Sweet Helen, make me immortal with a kiss:
Her lips sucks forth my soul, see where it flies!
Come Helen, come, give me my soul again.
Here will I dwell, for heaven be in these lips,
And all is dross that is not Helena!
Faustus enters with some of the scholars. One of them asks Faustus if he can produce Helen of Greece (also known as Helen of Troy), who they have decided was “the admirablest lady / that ever lived” (12.3–4). Faustus agrees to produce her, and gives the order to Mephastophilis: immediately, Helen herself crosses the stage, to the delight of the scholars.
The scholars leave, and an old man enters and tries to persuade Faustus to repent. Faustus becomes distraught, and Mephastophilis hands him a dagger. However, the old man persuades him to appeal to God for mercy, saying, “I see an angel hovers o’er thy head / And with a vial full of precious grace / Offers to pour the same into thy soul!” (12.44–46). Once the old man leaves, Mephastophilis threatens to shred Faustus to pieces if he does not reconfirm his vow to Lucifer. Faustus complies, sealing his vow by once again stabbing his arm and inscribing it in blood. He asks Mephastophilis to punish the old man for trying to dissuade him from continuing in Lucifer’s service; Mephastophilis says that he cannot touch the old man’s soul but that he will scourge his body. Faustus then asks Mephastophilis to let him see Helen again. Helen enters, and Faustus makes a great speech about her beauty and kisses her.
Now hast thou but one bare hour to live,
And then thou must be damned perpetually.
Ugly hell gape not! Come not, Lucifer!
I’ll burn my books—ah, Mephastophilis!
The final night of Faustus’s life has come, and he tells the scholars of the deal he has made with Lucifer. They are horrified and ask what they can do to save him, but he tells them that there is nothing to be done. Reluctantly, they leave to pray for Faustus. A vision of hell opens before Faustus’s horrified eyes as the clock strikes eleven. The last hour passes by quickly, and Faustus exhorts the clocks to slow and time to stop, so that he might live a little longer and have a chance to repent. He then begs God to reduce his time in hell to a thousand years or a hundred thousand years, so long as he is eventually saved. He wishes that he were a beast and would simply cease to exist when he dies instead of face damnation. He curses his parents and himself, and the clock strikes midnight. Devils enter and carry Faustus away as he screams, “Ugly hell gape not! Come not, Lucifer! / I’ll burn my books—ah, Mephastophilis!” (13.112–113).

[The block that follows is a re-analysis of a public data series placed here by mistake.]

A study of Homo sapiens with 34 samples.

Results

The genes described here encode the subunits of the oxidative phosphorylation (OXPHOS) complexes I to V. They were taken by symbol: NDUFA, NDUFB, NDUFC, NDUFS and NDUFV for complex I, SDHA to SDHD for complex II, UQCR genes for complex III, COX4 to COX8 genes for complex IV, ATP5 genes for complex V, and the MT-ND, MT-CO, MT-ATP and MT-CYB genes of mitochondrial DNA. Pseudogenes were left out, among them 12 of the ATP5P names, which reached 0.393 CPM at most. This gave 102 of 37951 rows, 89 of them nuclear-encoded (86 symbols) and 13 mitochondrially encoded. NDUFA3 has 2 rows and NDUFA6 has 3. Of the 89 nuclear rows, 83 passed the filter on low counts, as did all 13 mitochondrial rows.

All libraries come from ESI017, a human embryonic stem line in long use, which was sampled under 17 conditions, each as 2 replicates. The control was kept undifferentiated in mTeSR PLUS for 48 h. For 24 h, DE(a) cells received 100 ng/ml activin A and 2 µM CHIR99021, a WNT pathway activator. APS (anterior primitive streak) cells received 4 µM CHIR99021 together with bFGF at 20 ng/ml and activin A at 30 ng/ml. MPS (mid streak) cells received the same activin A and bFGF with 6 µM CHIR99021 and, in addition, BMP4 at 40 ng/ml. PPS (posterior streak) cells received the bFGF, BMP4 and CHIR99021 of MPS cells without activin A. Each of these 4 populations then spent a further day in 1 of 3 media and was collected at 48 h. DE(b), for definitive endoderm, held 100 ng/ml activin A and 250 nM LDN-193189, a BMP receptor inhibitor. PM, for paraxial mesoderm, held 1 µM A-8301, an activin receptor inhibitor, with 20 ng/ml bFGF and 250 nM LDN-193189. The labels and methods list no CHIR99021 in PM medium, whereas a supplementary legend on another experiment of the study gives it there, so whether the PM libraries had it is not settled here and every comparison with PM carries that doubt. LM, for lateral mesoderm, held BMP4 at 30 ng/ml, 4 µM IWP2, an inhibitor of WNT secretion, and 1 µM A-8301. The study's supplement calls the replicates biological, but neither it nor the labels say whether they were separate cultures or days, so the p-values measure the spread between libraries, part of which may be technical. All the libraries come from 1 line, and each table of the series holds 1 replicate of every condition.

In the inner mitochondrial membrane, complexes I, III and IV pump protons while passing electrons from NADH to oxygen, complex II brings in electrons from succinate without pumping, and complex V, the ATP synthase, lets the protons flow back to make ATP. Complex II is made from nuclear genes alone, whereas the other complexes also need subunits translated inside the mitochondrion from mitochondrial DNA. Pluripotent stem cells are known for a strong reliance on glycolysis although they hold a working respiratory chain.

The Chorus enters and warns the wise “[o]nly to wonder at unlawful things” and not to trade their souls for forbidden knowledge (Epilogue.6).
The final scenes contain some of the most noteworthy speeches in the play, especially Faustus’s speech to Helen and his final soliloquy. His address to Helen begins with the famous line “Was this the face that launched a thousand ships,” referring to the Trojan War, which was fought over Helen, and goes on to list all the great things that Faustus would do to win her love (12.81). He compares himself to the heroes of Greek mythology, who went to war for her hand, and he ends with a lengthy praise of her beauty. In its flowery language and emotional power, the speech marks a return to the eloquence that marks Faustus’s words in earlier scenes, before his language and behavior become mediocre and petty. Having squandered his powers in pranks and childish entertainments, Faustus regains his eloquence and tragic grandeur in the final scene, as his doom approaches. Still, asimpressive as this speech is, Faustus maintains the same blind spots that lead him down his dark road in the first place. Earlier, he seeks transcendence through magic instead of religion. Now, he seeks it through sex and female beauty, as he asks Helen to make him “immortal” by kissing him (12.83). Moreover, it is not even clear that Helen is real, since Faustus’s earlier conjuring of historical figures evokes only illusions and not physical beings. If Helen too is just an illusion, then Faustus is wasting his last hours dallying with a fantasy image, an apt symbol for his entire life.